This is a discussion on completely new rider in need of assistance for first time bike purchase. within the New Riders forums, part of the General category; I currently have my motorcycle license. I went about it by getting a scooter,practicing and passing the test on it. ...



I currently have my motorcycle license. I went about it by getting a scooter,practicing and passing the test on it. Now I have taken the MSF course before i rode anything and failed it but I at least got on one. I now plan to take individual riding lessons to learn how to ride a motorcycle properly

My question is,once I have learned how to ride. I would like for my first bike to be a 250cc beginner bike. I was looking at the v-star cruiser or 250 ninja. My main concern is that i live in ny and work downtown. my main way of getting there would be through freeway namely the major deegan and the hudson since i live outside the city

I keep hearing about how 250cc cruisers struggle on freeway while the basic ninja 250 can easily handle it. flipside is even low powered semi sport bike like the ninja 250 is not recommended to beginners.

So can anyone assist me with this?

If you need to get to highway speed safely, a 250cc bike may be enough if you are a rather thin person, with no hills or winds against you (I'm sarcastic). For freeway driving a more upright position, a small windshield to prevent fatigue at high speed and twice more power (400-600cc) would make far more sense for a beginner, or even an experienced driver who wants to keep easy control with a light machine in dense traffic.

The hole idea is to prevent driver fatigue and to make sure you have enough reserve power to get out of critical situations safely. If you want to suffer, get a 600cc sports bike for the style. If you want to put all chances on your side, a touring bike or a sport touring bike will be a better choice, considering your concerns as a beginner and the type of driving you are likely to deal with.

Good luck, and keep a provision in your budget for a light and well ventilated helmet and protective clothing.

If you are essentially driving on freeways, any bike configuration (sports or standard) will do, but 250cc is far from sufficient. If you can't follow traffic or pass quickly no matter the wind or hills that are in you way, you are exposed to great danger. A 600cc sports bike might be just what you will like most.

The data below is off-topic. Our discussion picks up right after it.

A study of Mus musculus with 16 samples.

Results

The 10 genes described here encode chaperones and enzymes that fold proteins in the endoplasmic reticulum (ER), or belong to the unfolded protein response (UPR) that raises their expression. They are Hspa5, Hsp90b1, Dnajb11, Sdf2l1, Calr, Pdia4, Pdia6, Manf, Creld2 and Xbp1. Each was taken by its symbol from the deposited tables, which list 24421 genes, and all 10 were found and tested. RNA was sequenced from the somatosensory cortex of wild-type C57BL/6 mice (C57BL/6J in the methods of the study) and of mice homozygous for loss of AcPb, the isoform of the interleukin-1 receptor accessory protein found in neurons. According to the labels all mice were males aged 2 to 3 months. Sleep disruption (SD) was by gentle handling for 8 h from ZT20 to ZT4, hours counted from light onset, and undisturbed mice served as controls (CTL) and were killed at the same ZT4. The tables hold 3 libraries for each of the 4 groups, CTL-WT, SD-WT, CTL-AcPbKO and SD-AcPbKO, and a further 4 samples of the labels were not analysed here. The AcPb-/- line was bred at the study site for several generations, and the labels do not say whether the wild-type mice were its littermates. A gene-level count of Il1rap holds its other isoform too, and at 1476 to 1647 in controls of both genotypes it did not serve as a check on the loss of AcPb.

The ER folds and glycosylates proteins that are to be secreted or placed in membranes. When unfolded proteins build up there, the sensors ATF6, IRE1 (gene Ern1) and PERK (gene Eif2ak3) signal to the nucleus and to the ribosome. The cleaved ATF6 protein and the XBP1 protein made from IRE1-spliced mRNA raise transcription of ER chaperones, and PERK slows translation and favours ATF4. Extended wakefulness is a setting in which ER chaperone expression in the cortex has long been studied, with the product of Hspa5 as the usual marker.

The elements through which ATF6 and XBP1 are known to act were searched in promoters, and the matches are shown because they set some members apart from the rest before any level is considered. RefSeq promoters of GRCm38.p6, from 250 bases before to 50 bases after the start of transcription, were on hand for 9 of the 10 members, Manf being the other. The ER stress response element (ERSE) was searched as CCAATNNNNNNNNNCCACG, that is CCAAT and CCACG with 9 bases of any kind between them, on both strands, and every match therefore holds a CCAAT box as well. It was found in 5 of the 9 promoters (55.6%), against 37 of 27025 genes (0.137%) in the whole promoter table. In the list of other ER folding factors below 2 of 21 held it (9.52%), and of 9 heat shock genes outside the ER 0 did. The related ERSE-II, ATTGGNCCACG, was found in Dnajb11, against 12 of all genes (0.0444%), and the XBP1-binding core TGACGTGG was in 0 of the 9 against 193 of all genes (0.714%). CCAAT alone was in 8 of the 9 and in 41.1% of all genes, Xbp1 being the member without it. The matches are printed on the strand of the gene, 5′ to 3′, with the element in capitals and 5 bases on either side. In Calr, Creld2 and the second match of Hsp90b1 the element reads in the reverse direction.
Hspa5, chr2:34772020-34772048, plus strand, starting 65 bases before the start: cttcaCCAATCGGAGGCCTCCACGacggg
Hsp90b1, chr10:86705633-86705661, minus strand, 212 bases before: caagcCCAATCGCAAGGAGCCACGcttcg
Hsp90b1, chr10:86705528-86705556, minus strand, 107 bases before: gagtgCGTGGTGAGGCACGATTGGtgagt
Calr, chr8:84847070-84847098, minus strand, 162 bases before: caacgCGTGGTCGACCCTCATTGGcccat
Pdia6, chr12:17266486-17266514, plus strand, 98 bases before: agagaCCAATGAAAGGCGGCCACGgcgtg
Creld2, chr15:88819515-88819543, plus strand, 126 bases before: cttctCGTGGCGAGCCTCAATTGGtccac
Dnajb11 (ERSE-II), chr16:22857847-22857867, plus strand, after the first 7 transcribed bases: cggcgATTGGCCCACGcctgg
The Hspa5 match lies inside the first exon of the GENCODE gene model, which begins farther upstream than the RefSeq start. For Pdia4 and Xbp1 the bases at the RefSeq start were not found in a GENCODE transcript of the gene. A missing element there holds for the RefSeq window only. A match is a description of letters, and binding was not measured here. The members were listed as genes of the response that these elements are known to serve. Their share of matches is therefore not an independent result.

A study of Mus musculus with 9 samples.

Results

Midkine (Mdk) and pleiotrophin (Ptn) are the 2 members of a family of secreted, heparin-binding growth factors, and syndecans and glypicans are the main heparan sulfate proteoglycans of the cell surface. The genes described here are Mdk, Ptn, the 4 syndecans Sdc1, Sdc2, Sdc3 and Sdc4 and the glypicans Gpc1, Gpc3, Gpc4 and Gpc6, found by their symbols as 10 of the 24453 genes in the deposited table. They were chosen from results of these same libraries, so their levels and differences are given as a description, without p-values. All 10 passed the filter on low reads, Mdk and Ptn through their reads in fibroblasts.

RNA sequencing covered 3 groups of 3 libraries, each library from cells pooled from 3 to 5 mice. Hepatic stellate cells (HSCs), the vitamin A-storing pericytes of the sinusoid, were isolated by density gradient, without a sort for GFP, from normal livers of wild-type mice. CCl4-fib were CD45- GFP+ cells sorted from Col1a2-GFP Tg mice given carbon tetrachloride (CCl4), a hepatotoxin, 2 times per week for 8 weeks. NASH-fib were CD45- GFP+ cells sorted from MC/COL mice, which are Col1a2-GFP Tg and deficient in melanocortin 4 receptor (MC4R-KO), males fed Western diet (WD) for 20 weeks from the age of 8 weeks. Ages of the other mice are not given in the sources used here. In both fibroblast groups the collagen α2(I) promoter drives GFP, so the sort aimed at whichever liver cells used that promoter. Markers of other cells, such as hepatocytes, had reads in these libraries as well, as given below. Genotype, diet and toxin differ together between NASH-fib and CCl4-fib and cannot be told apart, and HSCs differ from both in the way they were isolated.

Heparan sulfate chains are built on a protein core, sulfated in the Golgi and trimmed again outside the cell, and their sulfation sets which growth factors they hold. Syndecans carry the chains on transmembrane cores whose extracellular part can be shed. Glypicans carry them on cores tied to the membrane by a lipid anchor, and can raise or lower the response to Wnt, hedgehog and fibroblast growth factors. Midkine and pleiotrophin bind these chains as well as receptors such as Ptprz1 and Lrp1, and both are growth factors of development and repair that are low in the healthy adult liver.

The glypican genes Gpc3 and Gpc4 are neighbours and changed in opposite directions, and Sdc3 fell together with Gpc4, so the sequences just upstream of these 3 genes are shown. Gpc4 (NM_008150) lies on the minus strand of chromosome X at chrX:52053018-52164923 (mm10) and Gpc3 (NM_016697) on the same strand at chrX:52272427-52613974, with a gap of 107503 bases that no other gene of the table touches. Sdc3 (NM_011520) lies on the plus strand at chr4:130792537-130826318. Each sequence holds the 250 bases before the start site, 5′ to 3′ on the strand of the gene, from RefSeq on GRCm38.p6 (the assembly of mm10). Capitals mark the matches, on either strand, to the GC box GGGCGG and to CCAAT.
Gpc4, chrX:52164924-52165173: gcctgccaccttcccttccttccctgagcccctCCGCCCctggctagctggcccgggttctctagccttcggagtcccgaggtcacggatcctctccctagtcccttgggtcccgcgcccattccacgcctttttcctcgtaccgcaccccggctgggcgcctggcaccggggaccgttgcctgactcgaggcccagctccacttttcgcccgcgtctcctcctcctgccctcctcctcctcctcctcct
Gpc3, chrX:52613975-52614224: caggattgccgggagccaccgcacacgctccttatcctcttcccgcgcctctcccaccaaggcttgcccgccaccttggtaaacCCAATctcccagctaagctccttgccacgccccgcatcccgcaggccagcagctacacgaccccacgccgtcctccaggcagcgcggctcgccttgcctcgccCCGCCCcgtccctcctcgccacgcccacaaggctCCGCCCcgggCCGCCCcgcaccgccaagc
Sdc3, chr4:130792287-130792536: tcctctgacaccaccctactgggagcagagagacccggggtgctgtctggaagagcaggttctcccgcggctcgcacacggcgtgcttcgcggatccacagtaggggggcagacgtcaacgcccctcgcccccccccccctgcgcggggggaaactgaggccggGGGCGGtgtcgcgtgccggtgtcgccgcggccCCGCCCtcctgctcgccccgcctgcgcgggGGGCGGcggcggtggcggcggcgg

the average speed on the roads i take is generally between 60-70
Originally Posted by chaossentry View Post
so 250CC are enough to get on highway and freeway but only for people who are extremely thin???
the average speed on the roads i take is generally between 60-70
Yes, it might be enough for a very thin and rather short teenager (japanese size) but definitely not enough for the typical north americans.

Let's face it. If you need to go up to 70 mph, a 250cc bike is simply not sufficient. It may match the budget and style preference you have, but it is no match for basic highway safety.
Originally Posted by lamimartin View Post
Yes, it might be enough for a very thin and rather short teenager (japanese size) but definitely not enough for the typical north americans.

Let's face it. If you need to go up to 70 mph, a 250cc bike is simply not sufficient. It may match the budget and style preference you have, but it is no match for basic highway safety.
but doesn't a 250cc ninja hit 100 easily?
Originally Posted by chaossentry View Post
but doesn't a 250cc ninja hit 100 easily?
I don't think a 250cc engine can last for very long if you are driving it like this, especially on long distances. At such speeds, you are much better to have a heavier bike with wider tires and a better suspension or you will be blown off the road at the worst possible moment. Just think of the driver as being a top heavy weight over a very light bike... bad idea. The heavier and taller the driver, the bigger the bike must be to remain stable.

I have not personnaly tried the bike, so it is probably unfair to the deluge of positive opinions I read about this bike. Ninja 250R remains a carburator bike with a redline over 10,000 RPM. There are no major flaws known on that bike. The only reason the engine can withstand such beating is the fact it is liquid cooled. If it was fuel injected, I would be less skeptical for power. If you get one, make sure to make very frequent oil changes !

Your current choice is a decent entry level, but it is not the best choice for highway driving, by any means.